In response to an increase in violent crime within the City of Durham, Durham City Council approved the ShotSpotter pilot program as part of the fiscal year 2022-2023 budget. The pilot program will run for 12 continuous months with the first 3 months being free to the City of Durham. The remaining 9 months will cost $197,500. The Durham Police Department has been designated as the lead agency for design, implementation, and evaluation.
ShotSpotter is a "Gunfire Detection" technology that utilizes acoustic sensors, or microphones, that are placed in a designated area of deployment. The sensors are placed specifically on light poles, public buildings, or telephone poles. Once the sensors detect gunfire, this then begins the process of notifying the Durham Police Department. For more specifics on how the technology works in general, view the video in the "How Does ShotSpotter Work?" tab.
No. ShotSpotter is an acoustic-based system. While it may be integrated with video systems, the Durham Police Department nor the City of Durham will utilize ShotSpotter with cameras or similar devices.
Per the ShotSpotter website, the system is highly accurate at detecting outdoor gunshots. In 2019 the system had a 97% aggregate accuracy rate across all of ShotsSpotter customers including a very small false positive rate of less than 0.5% of all reported gunfire incidents. You can read the results of an independent audit by Edgeworth Analytics here
The Durham Police Department will also be partnering with Duke University to study the efficacy of the technology by studying the deployment area and an area of the city of similar size with similar call volume that does not deploy ShotSpotter. The Durham Police Department intends to regularly update this webpage with data regarding the department's usage.
This map of the coverage area depicts the ShotSpotter coverage area which includes a 3 square mile area in east and southeast Durham covered by Police Districts 1 and 4.The selection of the ShotSpotter coverage area was data-driven, based on known incidents of gunfire in the City of Durham during the period 2019-2021. Though it is only 2.7 percent of the City’s land mass, the coverage area had the highest concentration of gunfire events, including 33.9 percent of all incidents in which a person was shot. This will allow the greatest opportunity for evaluation, and is the most efficient use of the City’s investment, during the one-year pilot period.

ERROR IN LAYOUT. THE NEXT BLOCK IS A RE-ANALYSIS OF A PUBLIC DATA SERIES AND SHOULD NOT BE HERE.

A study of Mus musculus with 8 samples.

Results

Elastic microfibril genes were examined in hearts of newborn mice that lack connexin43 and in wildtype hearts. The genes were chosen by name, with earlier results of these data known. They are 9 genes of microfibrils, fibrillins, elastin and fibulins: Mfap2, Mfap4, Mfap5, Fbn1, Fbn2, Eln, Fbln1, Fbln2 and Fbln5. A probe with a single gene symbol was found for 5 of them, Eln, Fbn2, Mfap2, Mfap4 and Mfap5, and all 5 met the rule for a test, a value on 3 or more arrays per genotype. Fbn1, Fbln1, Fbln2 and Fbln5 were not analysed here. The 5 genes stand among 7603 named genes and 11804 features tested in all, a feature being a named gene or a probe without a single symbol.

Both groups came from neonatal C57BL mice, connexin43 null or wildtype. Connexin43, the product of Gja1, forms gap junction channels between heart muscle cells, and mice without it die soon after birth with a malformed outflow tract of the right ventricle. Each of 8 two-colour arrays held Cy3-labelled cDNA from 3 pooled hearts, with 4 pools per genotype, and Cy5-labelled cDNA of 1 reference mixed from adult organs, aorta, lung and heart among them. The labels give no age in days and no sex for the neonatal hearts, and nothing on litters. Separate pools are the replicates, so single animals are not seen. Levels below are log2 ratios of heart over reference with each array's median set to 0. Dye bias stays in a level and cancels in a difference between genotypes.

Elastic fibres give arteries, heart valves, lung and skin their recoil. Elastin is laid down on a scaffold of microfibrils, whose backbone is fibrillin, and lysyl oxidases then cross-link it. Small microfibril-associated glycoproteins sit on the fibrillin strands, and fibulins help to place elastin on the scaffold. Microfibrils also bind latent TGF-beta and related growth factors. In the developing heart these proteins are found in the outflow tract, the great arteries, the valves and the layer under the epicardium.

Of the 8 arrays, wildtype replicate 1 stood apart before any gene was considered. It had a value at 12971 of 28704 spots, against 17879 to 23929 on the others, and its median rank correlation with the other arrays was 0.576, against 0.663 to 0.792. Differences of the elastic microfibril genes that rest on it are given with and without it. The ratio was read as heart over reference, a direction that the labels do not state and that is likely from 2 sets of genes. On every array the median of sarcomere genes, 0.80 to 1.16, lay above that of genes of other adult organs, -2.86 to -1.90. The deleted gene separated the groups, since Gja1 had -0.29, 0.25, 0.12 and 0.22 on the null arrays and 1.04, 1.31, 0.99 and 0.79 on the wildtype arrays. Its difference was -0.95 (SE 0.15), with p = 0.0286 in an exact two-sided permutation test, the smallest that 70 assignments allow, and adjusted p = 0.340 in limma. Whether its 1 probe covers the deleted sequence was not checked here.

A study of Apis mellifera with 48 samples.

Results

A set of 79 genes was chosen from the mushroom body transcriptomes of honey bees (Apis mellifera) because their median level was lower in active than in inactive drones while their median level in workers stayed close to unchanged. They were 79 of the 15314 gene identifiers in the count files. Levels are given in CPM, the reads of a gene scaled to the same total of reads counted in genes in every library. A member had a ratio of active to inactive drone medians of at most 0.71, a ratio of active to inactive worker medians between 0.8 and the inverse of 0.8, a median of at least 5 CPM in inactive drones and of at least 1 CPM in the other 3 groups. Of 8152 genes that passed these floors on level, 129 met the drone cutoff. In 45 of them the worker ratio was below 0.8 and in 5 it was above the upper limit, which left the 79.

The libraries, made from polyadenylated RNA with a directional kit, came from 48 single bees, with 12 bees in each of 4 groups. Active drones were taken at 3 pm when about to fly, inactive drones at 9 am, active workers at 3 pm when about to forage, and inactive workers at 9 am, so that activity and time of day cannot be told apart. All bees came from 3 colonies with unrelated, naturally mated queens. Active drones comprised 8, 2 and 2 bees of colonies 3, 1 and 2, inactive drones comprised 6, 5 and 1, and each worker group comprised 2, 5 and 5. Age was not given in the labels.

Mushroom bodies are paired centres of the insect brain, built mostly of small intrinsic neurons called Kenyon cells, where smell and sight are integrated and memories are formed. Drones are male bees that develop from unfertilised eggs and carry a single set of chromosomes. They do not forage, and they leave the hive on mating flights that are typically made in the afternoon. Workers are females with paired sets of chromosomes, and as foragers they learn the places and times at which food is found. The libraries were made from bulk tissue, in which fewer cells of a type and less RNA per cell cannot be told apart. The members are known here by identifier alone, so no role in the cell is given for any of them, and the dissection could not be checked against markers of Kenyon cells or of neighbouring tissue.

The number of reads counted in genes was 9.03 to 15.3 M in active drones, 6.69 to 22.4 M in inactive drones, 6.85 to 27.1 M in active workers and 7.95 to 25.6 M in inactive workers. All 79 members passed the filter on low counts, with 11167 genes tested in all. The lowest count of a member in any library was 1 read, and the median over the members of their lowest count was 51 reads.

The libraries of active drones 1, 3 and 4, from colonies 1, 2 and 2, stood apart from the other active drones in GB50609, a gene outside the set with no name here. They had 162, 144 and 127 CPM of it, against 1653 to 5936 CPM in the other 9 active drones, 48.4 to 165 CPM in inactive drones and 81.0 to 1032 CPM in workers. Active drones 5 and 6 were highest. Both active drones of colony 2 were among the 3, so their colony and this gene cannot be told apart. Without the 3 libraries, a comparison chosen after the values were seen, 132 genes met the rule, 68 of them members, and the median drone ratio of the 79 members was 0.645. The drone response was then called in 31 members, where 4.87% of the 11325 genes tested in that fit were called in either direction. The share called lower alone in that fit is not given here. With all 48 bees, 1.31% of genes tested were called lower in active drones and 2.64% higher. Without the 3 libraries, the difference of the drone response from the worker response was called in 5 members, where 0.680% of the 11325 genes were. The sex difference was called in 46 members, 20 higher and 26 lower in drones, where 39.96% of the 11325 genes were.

DPD staff are in the process of reaching out to Partners Against Crime (PAC) groups and other community stakeholders in the affected areas in order to answer questions and address community concerns. As of 8/11/2022, the following Community Forums have been scheduled:
DISTRICT 1 PAC-- TBD
DISTRICT 2 PAC--(CANCELLED)Durham Police and ShotSpotter representatives will reschedule a community forum with District 2 Partners Against Crime (PAC). A time and location are still to be determined.
DISTRICT 3 PAC-- October 8, 2022 @ 9:30AM, Lyon Park Community & Recreation Center 1309 Halley Street, Durham, NC 27707
DISTRICT 4 & 5 PAC-- September 10, 2022 @ 10:30AM, Campus Hills Recreation Center, 2000 South Alston Avenue, Durham, NC 27701
MCDOUGALD TERRACE COMMUNITY-- September 26, 2022 @ 5:00PM
DURHAM BUSINESSES AGAINST CRIME (BAC)-- TBD
The current projected implementation of ShotSpotter is expected to occur in November 2022. This timeline is subject to change as the project develops.
The ShotSpotter pilot program was approved as part of the City of Durham’s fiscal year 2022-2023 budget. The pilot program will run for 12 months with the first 3 months being free to the City of Durham. The remaining 9 months will cost $197,500.
DPD’s Professional Standards Division is currently in the process of creating a policy that will govern DPD officers’ response to ShotSpotter activations. As a part of this process, DPD has reviewed policies from other jurisdictions where ShotSpotter has been implemented in order to assist in determining best practices. In August of 2022, the Durham Police Project team made a trip to Winston-Salem to learn how Winston-Salem Police utilize the technology.